Shrink Fitting in Engineering

In this article, we take a look at how the use of liquid nitrogen can enable versatile and reliable shrink fitting.

A Large Peg in a Small Hole

In engineering, an interference fit (also known as a friction fit) is a very tight fit formed between two mating parts with negative geometrical clearance – i.e., where the ‘inner’ part (i.e., a shaft) is larger than the hole it fits into. The huge amount of friction between interference-fitted parts results in an incredibly strong joint, suitable for use in hard-wearing industrial applications where force or torque will be transmitted through the joint. For example, in train wheelsets, the wheels are commonly joined to the axles via interference fit.1

Interference fits can be achieved in two ways: via the application of force, or by exploiting thermal expansion and contraction effects in a process known as shrink fitting.

Creating an interference fit via the application of force in the form of cold pressing finds application in the joining of hubs, bearings, bushing and retainers. Even stronger interference fits can be achieved with hot pressing or via the application of extremely large forces: these methods can be used, for example, for the permanent coupling of gears and shafts. Achieving interference fits via the application of large forces has its limitations; however, these forces risk unwanted deformation to the components being joined.2

In addition, the tightest interference fits cannot be achieved simply by applying force. At the extreme end of the interference fitting spectrum lies a class of fits known (perhaps confusingly) as forced fits. Forced fits are high-interference fits that cannot be disassembled without risking the destruction of the parts involved. These super-secure fits can typically only be achieved via shrink fitting techniques.

The Shrink Fitting Process

Shrink fitting refers broadly to techniques in which thermal expansion and contraction effects are used to achieve an interference fit. Commonly, this involves the heating of the ‘outer’ part so that it undergoes thermal expansion. The two pieces can then be relatively easily fitted together. As the outer part returns to room temperature it contracts back to its original dimensions, forming an incredibly tight joint around the ‘inner’ part.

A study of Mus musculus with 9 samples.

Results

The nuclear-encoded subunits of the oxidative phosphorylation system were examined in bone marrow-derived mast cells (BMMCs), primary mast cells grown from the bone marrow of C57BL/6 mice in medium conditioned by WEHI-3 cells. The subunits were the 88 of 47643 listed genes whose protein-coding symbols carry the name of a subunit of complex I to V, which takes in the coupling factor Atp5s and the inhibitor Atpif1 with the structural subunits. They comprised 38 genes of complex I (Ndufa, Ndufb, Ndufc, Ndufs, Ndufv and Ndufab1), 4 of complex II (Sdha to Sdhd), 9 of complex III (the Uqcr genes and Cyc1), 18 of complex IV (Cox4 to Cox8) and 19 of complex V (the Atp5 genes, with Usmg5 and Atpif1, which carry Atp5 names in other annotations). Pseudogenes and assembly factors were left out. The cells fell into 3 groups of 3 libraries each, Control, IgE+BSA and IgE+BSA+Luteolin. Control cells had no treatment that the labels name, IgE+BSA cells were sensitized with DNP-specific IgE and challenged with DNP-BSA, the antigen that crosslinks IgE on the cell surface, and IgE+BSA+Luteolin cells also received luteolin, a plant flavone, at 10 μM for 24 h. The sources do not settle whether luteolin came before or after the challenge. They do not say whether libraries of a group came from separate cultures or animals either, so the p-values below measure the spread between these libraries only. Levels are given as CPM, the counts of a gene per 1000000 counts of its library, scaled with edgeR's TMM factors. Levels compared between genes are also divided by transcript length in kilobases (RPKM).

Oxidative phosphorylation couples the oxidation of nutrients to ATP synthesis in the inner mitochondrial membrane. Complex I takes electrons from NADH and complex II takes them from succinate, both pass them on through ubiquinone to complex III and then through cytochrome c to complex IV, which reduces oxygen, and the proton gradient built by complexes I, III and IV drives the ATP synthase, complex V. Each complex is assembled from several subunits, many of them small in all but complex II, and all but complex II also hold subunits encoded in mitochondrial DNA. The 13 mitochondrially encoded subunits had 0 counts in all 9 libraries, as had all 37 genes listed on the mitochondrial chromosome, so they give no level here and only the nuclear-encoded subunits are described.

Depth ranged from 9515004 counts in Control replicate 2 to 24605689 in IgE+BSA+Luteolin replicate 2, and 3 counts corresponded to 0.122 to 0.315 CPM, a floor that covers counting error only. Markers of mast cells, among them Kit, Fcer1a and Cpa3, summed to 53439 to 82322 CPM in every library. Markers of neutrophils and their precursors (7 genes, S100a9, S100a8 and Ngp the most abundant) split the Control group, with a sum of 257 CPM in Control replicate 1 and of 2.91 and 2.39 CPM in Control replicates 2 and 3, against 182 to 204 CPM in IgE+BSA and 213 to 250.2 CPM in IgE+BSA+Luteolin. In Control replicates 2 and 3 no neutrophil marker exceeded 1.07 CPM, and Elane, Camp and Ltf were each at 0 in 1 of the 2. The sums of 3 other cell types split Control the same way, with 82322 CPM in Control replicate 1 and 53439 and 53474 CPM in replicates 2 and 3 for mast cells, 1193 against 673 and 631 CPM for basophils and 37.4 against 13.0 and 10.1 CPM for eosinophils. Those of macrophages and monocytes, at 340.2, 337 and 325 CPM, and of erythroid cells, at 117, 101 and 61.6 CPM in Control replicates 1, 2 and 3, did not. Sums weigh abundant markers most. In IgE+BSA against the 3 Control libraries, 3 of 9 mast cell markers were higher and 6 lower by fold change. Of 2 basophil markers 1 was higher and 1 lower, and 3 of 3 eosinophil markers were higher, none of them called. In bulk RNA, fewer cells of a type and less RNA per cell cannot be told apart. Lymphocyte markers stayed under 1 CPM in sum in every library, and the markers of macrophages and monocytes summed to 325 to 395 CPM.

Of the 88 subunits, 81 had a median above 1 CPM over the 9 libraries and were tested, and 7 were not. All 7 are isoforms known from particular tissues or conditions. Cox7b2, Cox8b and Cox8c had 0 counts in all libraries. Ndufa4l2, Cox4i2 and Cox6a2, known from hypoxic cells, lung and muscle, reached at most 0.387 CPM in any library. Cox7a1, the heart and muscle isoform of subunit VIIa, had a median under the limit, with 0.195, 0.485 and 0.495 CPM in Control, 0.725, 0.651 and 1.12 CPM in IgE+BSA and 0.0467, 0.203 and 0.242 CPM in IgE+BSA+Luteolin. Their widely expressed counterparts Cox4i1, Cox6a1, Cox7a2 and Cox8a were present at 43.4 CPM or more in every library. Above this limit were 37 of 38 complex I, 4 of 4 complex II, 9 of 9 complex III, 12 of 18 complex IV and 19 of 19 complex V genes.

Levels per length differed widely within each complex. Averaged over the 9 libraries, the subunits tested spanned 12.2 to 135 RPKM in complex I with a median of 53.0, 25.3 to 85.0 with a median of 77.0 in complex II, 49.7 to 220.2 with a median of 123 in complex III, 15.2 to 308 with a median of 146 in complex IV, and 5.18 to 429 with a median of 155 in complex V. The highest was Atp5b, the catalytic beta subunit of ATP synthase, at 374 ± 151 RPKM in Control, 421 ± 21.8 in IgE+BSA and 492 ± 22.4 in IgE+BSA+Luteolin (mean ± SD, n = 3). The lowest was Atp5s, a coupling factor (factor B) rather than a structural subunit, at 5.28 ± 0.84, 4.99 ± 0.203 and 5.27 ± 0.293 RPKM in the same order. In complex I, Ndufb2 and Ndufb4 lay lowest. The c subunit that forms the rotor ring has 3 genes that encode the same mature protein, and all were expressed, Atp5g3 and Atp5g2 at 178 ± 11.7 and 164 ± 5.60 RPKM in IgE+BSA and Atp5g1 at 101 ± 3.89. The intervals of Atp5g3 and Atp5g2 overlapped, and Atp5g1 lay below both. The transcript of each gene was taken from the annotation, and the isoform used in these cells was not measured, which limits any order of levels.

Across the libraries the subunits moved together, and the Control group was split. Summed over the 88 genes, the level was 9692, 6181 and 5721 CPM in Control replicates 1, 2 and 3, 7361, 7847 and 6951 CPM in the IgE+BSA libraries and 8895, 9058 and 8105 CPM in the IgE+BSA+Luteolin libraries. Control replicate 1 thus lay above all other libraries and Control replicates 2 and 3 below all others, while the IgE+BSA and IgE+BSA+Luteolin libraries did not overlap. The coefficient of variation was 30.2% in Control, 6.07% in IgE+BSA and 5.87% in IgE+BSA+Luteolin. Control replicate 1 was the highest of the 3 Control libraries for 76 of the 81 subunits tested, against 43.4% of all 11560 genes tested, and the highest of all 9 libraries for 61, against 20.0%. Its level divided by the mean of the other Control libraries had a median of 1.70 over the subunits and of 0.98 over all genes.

Shrink fitting can also be achieved via cryogenic means: cooling the ‘inner’ part using liquid nitrogen causes it to contract so it can be fitted into the ‘outer’ part, after which it expands as it returns to room temperature to form a tight interference fit. For many materials, cryogenically shrink fitting, rather than using heat, offers advantages as high temperatures can cause grain growth and loss of desirable mechanical properties in the heated part.3

Liquid nitrogen shrink fitting is therefore a vital process for safely creating very strong interference fits between parts, in cases where pressing or heating them may cause damage. This process is ideal for most components that require a precise and reliable interference fit, such as bearings, sockets and shafts. Current research applications for shrink fitting include nuclear reactor vessels, gear mechanisms and crank shafts in ships.4–6

Liquid Nitrogen for Cryogenic Shrink Fitting

Compared to other cryogenic applications, shrink fitting requires a small volume of liquid nitrogen – typically less than 50 L per month – which doesn’t warrant the installation of a liquid nitrogen tank onsite. Air Products now offers a dewar-fill service to provide a versatile and low-cost solution for cryogenic shrink fitting applications. We offer 30 L or 50 L dewards for purchase or rental, and delivery of liquid nitrogen at a frequency to suit any requirements.

Click here to find out which dewar size and delivery schedule are right for your business.


  1. Type A Wheelset Press-Fitting Machine - Railway Technology.
  2. Preferred Mechanical Tolerances Metric ISO 286 | Engineers Edge |
  3. Król, R. & Siemiątkowski, Z. The analysis of shrink-fit connection – the methods of heating and the factors influencing the distribution of residual stresses. Heliyon 5, e02839 (2019).
  4. Lee, J., Park, J. & Cho, Y. A novel ultrasonic NDE for shrink fit welded structures using interface waves. Ultrasonics 68, 1–7 (2016).
  5. Eyercioglu, O., Kutuk, M. A. & Yilmaz, N. F. Shrink fit design for precision gear forging dies. Journal of Materials Processing Technology 209, 2186–2194 (2009).
  6. Siemiątkowski, Z., Rucki, M. & Lavrynenko, S. INVESTIGATIONS ON THE MODELED SHRINK-FITTED JOINTS OF ASSEMBlED CRANKSHAFTS. Journal of Machine Construction and Maintenance 108, 33 (2018).

This information has been sourced, reviewed and adapted from materials provided by Air Products PLC.

For more information on this source, please visit Air Products PLC.